Russia’s Departure from the Council of Europe Should Be Avoided
Human rights defenders from Russia are calling on the Council of Europe to reinforce efforts to address deteriorating relations with the Russian Federation. Dozens of individuals from Russian civil society have signed a memorandum to this effect. The EU-Russia Civil Society Forum, of which the Netherlands Helsinki Committee is a member, has endorsed the memorandum. The network echoes the call to work towards de-escalating the situation. The call comes despite increased tensions in the wake of Russia’s seizing of three naval vessels in the Kerch Straight in November 2018.
Since joining in 1996, the relationship between Russia and the Council has been strained; the organization has often criticized Russia for failing to uphold human rights. Since Russia’s annexation of the Crimean peninsula in 2014, relations have gotten much worse.
The crisis has reached the point where Russia’s withdrawal from the Council of Europe, either through expulsion or at its own volition, is a real possibility.”
In response to the annexation, the Russian delegation to the Parliamentary Assembly of the Council of Europe had its voting rights stripped. Russia has since responded through political pressure and by the suspension of monetary contributions to the Council, worth €33 million per year. The crisis has reached the point where Russia’s withdrawal from the Council of Europe, either through expulsion or at its own volition, is a real possibility. Russia could choose to withdraw as soon as the next Meeting of the Committee of Ministers in Helsinki, scheduled for May 2019.
The memorandum published by Russian human rights defenders makes it clear that such a situation would have profound consequences for human rights in the country, the stability of the surrounding region, and Europe as a whole.
Russia’s withdrawal would be a huge blow to human rights and stability in Europe.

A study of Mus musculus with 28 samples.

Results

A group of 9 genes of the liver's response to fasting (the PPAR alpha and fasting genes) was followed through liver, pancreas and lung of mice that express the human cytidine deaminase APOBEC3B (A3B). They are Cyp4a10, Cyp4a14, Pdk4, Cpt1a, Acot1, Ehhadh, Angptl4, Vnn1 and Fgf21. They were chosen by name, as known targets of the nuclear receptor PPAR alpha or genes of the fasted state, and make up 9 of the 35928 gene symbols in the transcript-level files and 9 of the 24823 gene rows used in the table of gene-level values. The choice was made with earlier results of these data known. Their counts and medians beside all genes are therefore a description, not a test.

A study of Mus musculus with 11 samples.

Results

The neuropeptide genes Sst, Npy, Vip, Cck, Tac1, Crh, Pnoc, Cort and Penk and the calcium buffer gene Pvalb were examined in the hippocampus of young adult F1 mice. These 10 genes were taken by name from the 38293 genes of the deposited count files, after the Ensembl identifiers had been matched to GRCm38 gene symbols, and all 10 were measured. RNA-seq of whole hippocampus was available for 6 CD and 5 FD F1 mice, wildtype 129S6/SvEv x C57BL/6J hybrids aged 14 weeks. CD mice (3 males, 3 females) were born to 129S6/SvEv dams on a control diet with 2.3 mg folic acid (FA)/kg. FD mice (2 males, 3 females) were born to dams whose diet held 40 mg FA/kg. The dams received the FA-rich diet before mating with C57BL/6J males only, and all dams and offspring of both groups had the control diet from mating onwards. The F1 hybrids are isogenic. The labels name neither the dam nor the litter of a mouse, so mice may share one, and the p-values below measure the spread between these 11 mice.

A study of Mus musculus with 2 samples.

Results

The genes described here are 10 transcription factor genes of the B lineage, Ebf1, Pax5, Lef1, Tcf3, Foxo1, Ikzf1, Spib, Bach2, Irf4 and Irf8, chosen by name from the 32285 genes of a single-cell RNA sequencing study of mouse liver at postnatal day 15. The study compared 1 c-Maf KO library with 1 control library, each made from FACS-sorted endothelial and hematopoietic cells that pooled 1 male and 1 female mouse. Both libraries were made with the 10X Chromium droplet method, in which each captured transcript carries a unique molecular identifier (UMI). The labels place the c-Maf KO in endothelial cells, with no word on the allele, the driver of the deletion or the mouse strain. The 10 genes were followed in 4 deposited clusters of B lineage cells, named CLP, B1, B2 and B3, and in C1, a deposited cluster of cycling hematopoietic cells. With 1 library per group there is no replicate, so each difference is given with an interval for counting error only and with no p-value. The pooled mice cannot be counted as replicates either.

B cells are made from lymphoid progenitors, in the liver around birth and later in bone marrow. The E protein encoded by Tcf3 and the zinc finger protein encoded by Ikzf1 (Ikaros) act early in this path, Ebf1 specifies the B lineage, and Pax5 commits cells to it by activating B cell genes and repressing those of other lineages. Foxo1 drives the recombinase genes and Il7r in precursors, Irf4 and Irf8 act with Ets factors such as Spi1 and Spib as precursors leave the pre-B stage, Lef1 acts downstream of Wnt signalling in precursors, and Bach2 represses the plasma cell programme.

The memorandum argues that the costs of Russia’s withdrawal from the Council of Europe would be “high and far-reaching, not only for Russia, but for the whole of Europe.” The immediate impact of Russia’s departure from the Council would be felt most not by the Kremlin, but rather by the Russian people.
Since Russia joined the organization and ratified the European Convention on Human Rights, the European Court of Human Rights has served as a source of hope for millions of Russian citizens seeking justice for human rights violations. Amongst member states of the Court, Russia leads in the number of suits submitted against it. Since 1998, 2,500 judgements from the Court on Russia have been delivered and in 2017 alone, the state paid over €14.5 million in reparations as a result of the Court’s decisions.
The immediate impact of Russia’s departure from the Council would be felt most not by the Kremlin, but rather by the Russian people.”
Russia’s departure from the Council would deny Russian citizens protection and justice provided by the Court—worsening human rights in the country. It could end effective legal guarantees for asylum seekers and refugees and open the door for the reinstatement of the death penalty. If human rights are to be upheld in Russia, the Kremlin and its policy-makers must be engaged. The Council of Europe is the best mechanism through which to do so.
Russia’s withdrawal could also have disastrous implications for the region and Europe as a whole. It would result in a lack of protection provided by the Convention and the Court for inhabitants of Russian-controlled Crimea. It would remove levers for continued political and legal pressure on Russia over its aggressive operations in neighbouring countries. Even more worryingly, it could trigger the withdrawal of further member states from the Council in a context where human rights in general is already backsliding across the region.